Cape Gazette

Call it anything, but don’t call it ‘global warming’

By Don Flood | Aug 06, 2013

Tooling around the web recently - I never could surf - I came across a headline that would appear to warm the cockles of Sam Wilson’s heart.

Wilson, of course, is the Sussex County councilman from District 2. Earlier this year he bluntly told a Department of Natural Resources and Environmental Control staffer that her presentation about sea level rise was a waste of time. (His actual language was more colorful.)

The story was about climatologist Jason Box, and his “radical ideas about upending the global-warming science establishment.”

I’m willing to have my beliefs challenged, so I clicked on the Rolling Stone article, curious to see if this scientist was going to debunk current theories about global warming.

Not quite. The article said, “As he sees it, the general public has been betrayed by the reluctance of climate researchers to speak about the dangers of climate change with sufficient urgency.” The story tells how predictions Box made about the ice melt in Greenland, once dismissed as alarmist, have come true even faster than he expected.

The story came to mind last Wednesday as people gathered on the Rehoboth Beach Boardwalk for an I Will Act on Climate Change press conference, one of many held around the country to highlight the issue.

“Words are a funny thing,” House Speaker Pete Schwartzkopf, D-Rehoboth, began. “I’m about to tiptoe all around the words ‘global warming,’ because a certain percentage of our population will raise their eyebrows in disbelief as soon as they hear those words. And they’ll just quit listening because they heard about it on some political TV show that refers to it as ‘unreliable science.’”

Exactly. Such is the power of the right-wing media. A recent survey of 12,000 scientific papers that took a stand on the question of global warming showed that 97 percent of those studies agreed that human activities were causing our planet to heat up.

And yet from media reports, you’d think there was a lot of controversy on global warming. Well, there is controversy, just not among scientists.

I don’t blame Schwartzkopf for being careful with his words. Just last month, Cape Henlopen school board member Sandi Minard complained about how Al Gore’s “An Inconvenient Truth” - a 2006 documentary about global warming - was shown to district students, because of its supposed lack of scientific credibility.

I could understand objecting to the movie because Gore is boring and might put students to sleep, but the movie gets pretty good marks for its scientific explanations.

What’s hard to understand is objecting to students watching a movie that 97 percent of the scientific community basically agrees with.

Does there have to be 100 percent agreement before we say it’s not “bad science?” If so, there’s precious little science - or any subject - we can teach.

Instead, Schwartzkopf talked about sea level rise and his personal experience, beginning 40 years ago as a lifeguard at Bethany Beach and continuing through his work with the state police, where he helped deal with weather-related emergencies.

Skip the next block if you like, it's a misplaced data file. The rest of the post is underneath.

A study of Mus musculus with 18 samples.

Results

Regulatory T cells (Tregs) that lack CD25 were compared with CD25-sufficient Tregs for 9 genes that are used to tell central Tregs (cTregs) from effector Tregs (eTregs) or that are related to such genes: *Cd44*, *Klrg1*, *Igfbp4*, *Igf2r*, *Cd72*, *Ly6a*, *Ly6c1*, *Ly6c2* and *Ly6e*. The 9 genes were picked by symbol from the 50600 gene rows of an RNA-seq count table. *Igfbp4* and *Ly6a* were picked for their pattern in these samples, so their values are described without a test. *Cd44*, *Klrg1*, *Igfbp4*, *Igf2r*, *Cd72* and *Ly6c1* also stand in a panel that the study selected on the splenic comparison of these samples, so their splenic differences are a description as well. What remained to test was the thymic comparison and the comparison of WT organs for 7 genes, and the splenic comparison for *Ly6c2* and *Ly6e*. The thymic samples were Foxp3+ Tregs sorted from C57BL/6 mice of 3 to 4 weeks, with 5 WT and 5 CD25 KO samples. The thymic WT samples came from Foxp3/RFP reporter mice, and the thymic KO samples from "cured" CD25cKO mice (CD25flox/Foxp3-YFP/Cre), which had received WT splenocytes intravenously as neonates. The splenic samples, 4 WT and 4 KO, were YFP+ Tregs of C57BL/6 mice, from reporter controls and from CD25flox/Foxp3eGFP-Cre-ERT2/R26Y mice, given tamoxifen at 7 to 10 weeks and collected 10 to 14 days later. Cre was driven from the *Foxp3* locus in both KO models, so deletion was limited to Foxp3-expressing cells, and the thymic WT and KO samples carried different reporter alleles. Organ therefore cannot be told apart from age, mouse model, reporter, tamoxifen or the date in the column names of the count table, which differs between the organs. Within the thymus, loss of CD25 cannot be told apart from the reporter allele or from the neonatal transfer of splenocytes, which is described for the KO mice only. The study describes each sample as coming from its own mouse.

“We all know things are changing,” Schwartzkopf, “ that something is going on with our shoreline and with our weather.”

“The storms are more severe now, more frequent and creating much more damage,” he said.

It was just a press conference, and no press conference, by itself, ever changed much of anything.

But it’s still another small step forward dealing with an issue that is of paramount importance to our area.

Next month we’ll see a bigger step: the official release of recommendations by the state Sea Level Rise Advisory Committee.

It’s already available online.

Zimmerman shooting: Stand Your Ground law revisited

Some writers have made much of the fact that George Zimmerman’s lawyers argued self-defense in the Trayvon Martin shooting; therefore Florida’s Stand Your Ground law had no impact on the outcome.

You can decide for yourself if the Stand Your Ground law played a role in Zimmerman’s acquittal. The following are from the actual instructions given to the Florida jury (italics mine):

“If George Zimmerman was not engaged in an unlawful activity and was attacked in any place where he had a right to be, he had no duty to retreat and had right to stand his ground and meet force with force, including deadly force if he reasonably believed that it was necessary to do so to prevent death or great bodily harm to himself or another or to prevent the commission of a forcible felony.

“In considering the issue of self-defense, you may take into account the relative physical abilities and capacities of George Zimmerman and Trayvon Martin.

“If in your consideration of the issue of self-defense you have a reasonable doubt on the question of whether George Zimmerman was justified in the use of deadly force, you should find George Zimmerman not guilty.”

Given the instructions, it’s not so surprising Zimmerman walked out of court a free man.